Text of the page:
Hang in there, Baby!

My little flower patch is still hanging in there.

My little flower patch is still hanging in there.

Every morning when I am awake enough to make it down the stairs, I go outside and start watering stuff. A good tip I got from Enterprise Record is true – water early. Your plants will droop in the midday anyway, it’s their way of protecting themselves from that relentless sun. It’s true – they look like crap about 2pm, but by 8 pm they are perked up again. 

I finally found a safe place for my little strawberry garden in pots – the greenhouse. Would you believe anybody could survive in a greenhouse in this heat?

Safe and sound, and covered with flowers and ripening berries.

Safe and sound, and covered with flowers and ripening berries.

They do fine in there as long as I give them a little drink in the morning, another little drink in the evening. I put netting over the open door to keep the jays out – I think they’re smart enough to avoid netting, it’s too easy to get caught in the stuff and die trying to get out.  We’ve been getting more peaches and apples out of our orchard since we started using it on our trees. It’s not that expensive, and if you’re careful you can re-use it again and again.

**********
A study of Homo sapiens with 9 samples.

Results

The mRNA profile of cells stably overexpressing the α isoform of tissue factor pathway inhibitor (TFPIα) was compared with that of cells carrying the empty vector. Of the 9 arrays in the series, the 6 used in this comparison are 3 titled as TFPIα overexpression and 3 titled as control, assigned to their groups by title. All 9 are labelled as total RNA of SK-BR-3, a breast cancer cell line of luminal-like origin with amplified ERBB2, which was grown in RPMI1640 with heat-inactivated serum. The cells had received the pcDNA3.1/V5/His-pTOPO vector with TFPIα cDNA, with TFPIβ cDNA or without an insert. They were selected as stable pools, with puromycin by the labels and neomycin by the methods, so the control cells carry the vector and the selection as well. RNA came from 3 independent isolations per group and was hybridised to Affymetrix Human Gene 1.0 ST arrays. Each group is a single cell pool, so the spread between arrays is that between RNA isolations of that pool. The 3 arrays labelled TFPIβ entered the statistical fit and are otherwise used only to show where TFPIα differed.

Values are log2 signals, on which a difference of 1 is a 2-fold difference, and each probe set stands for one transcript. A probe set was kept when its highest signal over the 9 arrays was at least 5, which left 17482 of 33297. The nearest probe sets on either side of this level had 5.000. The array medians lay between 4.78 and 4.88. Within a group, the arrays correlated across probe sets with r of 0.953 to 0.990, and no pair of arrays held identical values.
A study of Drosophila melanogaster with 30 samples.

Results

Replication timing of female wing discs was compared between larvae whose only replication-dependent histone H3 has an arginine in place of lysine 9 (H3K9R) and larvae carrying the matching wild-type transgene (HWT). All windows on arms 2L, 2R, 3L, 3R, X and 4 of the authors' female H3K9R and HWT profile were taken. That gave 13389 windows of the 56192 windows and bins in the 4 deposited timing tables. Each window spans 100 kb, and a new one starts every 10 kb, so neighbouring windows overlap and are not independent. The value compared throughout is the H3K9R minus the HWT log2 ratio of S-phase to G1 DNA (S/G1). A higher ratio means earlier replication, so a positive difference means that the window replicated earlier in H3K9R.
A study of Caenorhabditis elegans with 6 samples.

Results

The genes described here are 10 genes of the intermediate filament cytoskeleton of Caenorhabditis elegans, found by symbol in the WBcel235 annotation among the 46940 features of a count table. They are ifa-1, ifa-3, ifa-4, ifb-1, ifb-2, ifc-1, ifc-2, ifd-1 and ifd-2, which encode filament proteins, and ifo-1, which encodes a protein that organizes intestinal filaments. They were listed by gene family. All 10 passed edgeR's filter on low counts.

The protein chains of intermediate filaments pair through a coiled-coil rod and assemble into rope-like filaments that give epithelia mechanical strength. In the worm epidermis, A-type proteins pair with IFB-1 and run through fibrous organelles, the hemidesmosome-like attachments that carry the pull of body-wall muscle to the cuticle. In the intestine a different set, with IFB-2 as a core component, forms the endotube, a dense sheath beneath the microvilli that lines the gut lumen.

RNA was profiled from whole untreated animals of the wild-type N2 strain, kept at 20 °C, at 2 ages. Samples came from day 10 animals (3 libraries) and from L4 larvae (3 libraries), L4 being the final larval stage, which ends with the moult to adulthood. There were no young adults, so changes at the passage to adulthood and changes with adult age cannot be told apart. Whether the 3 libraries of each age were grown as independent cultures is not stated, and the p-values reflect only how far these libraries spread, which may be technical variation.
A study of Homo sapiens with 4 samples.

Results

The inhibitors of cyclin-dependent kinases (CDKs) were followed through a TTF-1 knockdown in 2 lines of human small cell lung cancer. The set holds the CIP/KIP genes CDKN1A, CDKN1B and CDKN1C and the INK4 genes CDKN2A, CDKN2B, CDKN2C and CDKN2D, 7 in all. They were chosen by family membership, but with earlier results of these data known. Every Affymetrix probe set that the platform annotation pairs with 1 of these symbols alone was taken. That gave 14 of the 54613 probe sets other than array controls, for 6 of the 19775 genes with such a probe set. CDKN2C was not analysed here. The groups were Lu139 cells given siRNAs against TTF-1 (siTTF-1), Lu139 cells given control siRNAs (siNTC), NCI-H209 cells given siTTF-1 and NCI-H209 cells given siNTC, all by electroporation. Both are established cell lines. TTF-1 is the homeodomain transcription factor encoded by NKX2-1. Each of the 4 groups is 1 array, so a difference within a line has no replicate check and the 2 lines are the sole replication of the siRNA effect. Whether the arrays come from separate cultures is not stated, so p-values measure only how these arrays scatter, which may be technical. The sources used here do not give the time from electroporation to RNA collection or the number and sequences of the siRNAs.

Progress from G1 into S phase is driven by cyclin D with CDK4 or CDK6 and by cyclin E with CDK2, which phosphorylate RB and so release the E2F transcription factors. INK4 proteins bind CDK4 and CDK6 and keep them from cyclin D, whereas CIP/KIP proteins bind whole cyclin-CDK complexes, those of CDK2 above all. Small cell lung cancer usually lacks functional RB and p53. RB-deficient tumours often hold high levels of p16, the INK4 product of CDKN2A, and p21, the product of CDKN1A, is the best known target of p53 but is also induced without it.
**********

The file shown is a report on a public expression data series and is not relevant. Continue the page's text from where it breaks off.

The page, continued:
Another protected species - I have these echinacea in big pots, see how happy they are with a little drizzle of water twice a day.

Another protected species – I have these echinacea in big pots next to the greenhouse door, see how happy they are with a little drizzle of water twice a day.  They are one of my favorite flowers, their scent is like expensive perfume.

We set sprinkler systems on most of the garden, but there’s stuff that isn’t practical to set up on drip – too far from a water source, the plastic bakes in the sun and the dogs and people kick it around. Some stuff just has to be watered with a hose nozzle or a can. 

Here's my "mother" aloe vera plant, surrounded by her offspring. I cut leaves from these and my other plants every day and scrape the sap into my smoothie.

Here’s my “mother” aloe vera plant, surrounded by her offspring. I cut leaves from these and my other plants every day and scrape the sap into my smoothie.  Biscuit says they’re taking over the patio.

Aloe vera doesn’t take much water – in fact, it doesn’t like too much water. Protected from the harsh weather here on my east-facing patio, they struggle through Winter, but they can make it. They thrive during Summer, as long as they are not left in the direct sun too long.  They’re great for skin problems – like when my son came home from a day at the old swimming hole with a nasty sunburn on his shoulders. The sap goes on cool and smooth, and dries in minutes, without any sticky feeling. 

Yesterday the weather seemed to cool down, if only by a couple of degrees. Or are we acclimating? We still enjoy a few hours under the air conditioner vents every afternoon. We rely on Badges to tell us when it’s too hot to be outside – we throw the ball and he takes it to the patio and sits in front of the door.

Badges says it's time to come in for the middle of the day, hide out in the house.

Badges says it’s time to come in for the middle of the day, hide out in the house.